We hear a lot about the importance of saving money, be it for retirement, emergencies, or college. But there comes a point in life when we deserve to enjoy some of our earnings. Whether you've got your eye on a new car, an upgraded TV, or a luxury vacation, it's natural to want to spend a portion of your hard-earned money on some form of instant gratification. And you should treat yourself to that coveted item or experience -- as long as you can really afford it. Here are four questions to ask yourself before you indulge.


You never know when an illness or layoff might leave you without an income. Even a short period of unemployment could wreck your finances if you don't have an emergency fund in place. If you're single and don't own a home, aim to have three months of living expenses in the bank. If you're a homeowner or have a family to support, save enough to cover at least six months' worth of expenses. Only once your emergency account is fully funded should you consider spending a large chunk of money on something nonessential.

2. Am I on track for retirement?

Once you have ample emergency savings, your next goal should be to start socking away money for retirement, and the sooner you start, the more time you'll give your money to grow. According to Fidelity, you should aim to have saved the equivalent of your salary by the time you reach 30. By age 40, you should have three times your salary saved, with the ultimate goal of accumulating 10 times your salary by the time you retire. What this means is that if you're 40 and earn $80,000, ideally, you should have $240,000 in your retirement account already. Now if you're thinking that $240,000 sounds like a lot of money, well, it is. Fidelity's guidelines are good to aim for, but for many of us, they simply aren't feasible. That said, if you're 40 years old, earning $80,000 a year, and only have a $10,000 retirement savings balance (or, worse yet, no balance at all), it means you have some catching up to do -- so that new sports car will just have to wait.

3. Can I pay for what I'm buying in full?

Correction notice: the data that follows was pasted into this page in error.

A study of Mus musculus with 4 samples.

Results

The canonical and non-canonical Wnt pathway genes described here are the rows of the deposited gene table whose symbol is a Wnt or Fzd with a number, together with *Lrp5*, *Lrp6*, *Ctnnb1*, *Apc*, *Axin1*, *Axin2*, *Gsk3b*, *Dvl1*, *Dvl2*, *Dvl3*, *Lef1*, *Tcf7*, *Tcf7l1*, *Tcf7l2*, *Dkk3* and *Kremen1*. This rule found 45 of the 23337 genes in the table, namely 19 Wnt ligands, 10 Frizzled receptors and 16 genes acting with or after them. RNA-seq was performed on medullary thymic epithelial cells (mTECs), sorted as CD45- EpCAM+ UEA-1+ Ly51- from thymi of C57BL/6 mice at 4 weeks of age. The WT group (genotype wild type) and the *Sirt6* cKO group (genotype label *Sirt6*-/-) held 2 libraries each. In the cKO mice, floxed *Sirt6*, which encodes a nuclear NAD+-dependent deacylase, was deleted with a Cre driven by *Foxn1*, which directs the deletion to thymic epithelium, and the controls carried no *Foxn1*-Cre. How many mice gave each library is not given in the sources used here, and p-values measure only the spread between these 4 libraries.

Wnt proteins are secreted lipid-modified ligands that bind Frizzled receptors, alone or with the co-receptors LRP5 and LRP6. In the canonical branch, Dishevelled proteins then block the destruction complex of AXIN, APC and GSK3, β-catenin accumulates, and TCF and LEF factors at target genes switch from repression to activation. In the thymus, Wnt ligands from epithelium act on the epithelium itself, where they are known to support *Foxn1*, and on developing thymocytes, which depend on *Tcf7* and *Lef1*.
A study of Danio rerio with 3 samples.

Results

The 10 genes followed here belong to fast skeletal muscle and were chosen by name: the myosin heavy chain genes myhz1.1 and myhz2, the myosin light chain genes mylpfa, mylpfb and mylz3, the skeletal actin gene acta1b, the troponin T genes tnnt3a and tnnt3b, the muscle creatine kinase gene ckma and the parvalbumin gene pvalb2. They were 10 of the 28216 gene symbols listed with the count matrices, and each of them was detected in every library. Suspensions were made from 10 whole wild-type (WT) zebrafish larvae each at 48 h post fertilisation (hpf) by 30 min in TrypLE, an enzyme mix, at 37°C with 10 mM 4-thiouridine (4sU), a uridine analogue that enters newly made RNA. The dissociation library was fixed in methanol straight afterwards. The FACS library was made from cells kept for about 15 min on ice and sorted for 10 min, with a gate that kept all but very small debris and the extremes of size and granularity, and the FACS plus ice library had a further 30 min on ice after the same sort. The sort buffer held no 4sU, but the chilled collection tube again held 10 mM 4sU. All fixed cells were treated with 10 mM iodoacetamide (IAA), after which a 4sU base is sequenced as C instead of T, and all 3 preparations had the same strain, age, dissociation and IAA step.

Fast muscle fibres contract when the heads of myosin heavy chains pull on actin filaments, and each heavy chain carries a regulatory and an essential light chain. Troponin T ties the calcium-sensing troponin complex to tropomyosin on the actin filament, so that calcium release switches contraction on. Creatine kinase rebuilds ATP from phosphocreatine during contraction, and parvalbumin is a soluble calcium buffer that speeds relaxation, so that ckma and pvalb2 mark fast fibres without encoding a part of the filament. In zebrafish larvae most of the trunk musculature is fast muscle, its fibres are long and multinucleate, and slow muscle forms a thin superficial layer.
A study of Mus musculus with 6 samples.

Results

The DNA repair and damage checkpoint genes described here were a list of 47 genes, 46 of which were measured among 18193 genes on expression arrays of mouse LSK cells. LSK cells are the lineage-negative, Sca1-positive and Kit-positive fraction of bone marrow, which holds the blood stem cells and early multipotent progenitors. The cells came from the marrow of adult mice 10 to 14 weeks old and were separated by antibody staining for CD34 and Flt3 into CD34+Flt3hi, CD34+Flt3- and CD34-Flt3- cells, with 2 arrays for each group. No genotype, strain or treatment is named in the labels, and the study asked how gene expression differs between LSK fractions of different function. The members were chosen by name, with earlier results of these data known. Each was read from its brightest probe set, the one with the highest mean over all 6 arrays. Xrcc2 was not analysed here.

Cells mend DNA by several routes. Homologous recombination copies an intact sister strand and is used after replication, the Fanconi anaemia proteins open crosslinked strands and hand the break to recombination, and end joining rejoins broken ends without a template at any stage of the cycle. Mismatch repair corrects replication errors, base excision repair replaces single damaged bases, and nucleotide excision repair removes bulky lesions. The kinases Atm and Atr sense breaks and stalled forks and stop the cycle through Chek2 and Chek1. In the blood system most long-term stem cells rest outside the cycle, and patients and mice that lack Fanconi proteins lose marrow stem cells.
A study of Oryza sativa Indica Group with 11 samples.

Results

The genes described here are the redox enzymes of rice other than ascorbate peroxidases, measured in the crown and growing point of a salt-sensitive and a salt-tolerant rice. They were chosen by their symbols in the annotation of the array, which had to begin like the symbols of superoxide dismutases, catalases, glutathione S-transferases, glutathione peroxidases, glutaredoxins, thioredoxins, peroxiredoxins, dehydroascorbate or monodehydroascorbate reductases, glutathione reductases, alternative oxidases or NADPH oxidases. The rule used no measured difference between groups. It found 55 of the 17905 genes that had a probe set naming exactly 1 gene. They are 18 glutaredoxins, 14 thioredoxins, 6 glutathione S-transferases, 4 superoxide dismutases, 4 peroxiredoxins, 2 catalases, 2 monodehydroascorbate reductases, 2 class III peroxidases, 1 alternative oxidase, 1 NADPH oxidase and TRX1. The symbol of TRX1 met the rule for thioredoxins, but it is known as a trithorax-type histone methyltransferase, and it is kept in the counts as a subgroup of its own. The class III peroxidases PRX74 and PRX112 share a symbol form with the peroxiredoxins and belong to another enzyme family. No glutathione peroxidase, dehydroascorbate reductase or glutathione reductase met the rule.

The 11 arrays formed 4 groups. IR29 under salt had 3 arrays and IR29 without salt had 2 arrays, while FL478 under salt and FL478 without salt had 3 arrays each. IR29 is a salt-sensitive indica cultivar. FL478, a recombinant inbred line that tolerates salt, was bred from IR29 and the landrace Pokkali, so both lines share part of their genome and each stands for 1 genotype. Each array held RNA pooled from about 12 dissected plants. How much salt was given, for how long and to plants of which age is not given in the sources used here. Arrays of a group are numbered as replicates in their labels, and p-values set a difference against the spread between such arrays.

When you use your credit card to finance a purchase you can't pay for outright, you always end up spending more on whatever it is you're buying. That's because credit cards charge interest, and then compound that interest so that over time, you end up paying interest on top of that interest. (Shall we say "interest" one more time?) Let's say you're looking at a $2,000 sofa. If you pay for it in full, you'll wind up spending just $2,000. But if you use your credit card and take eight months to pay it off, you'll end up spending over $2,100 if your interest rate is 14%, which is pretty much the average these days. If you're wondering whether to buy something new, ask yourself if you have the money to pay for it up front. If the answer is no, hold off and move on.

4. Is there something more important or satisfying I'd rather buy?

There's a difference between what you can afford and what you should afford. You might have a fully funded emergency account, a decent retirement savings balance, and an extra $5,000 to boot. But that doesn't mean you should jump to spend that $5,000 on gadgets or an exotic cruise. Rather, think about what else it could be buying you. Are you hoping to own a home? That money could go a long way toward a down payment. Has your car seen better days? A functioning vehicle is far more critical than a new entertainment center. Don't just think about the things you can buy; think about what you won't be able to buy if you spend your money elsewhere.

Here's another thing:  If you take the money you're looking to spend and invest it instead, you might generate enough of a return to meet multiple goals. Say you're thinking of buying a $5,000 patio set. If you hold off, invest that money in stocks, and generate an 8% return (which is actually below the market's average), in two years, you'll have an extra $800 to spend, save, or reinvest.

When deciding whether to spend versus splurge, know that there's often a middle ground. Sure, you deserve a nice vacation, but you don't have to blow $10,000 at a luxury resort to relax and unwind. Spending just $2,000 might give you the experience you're after while leaving you with $8,000 for more important things. There's no harm in treating yourself, as long as you do so wisely.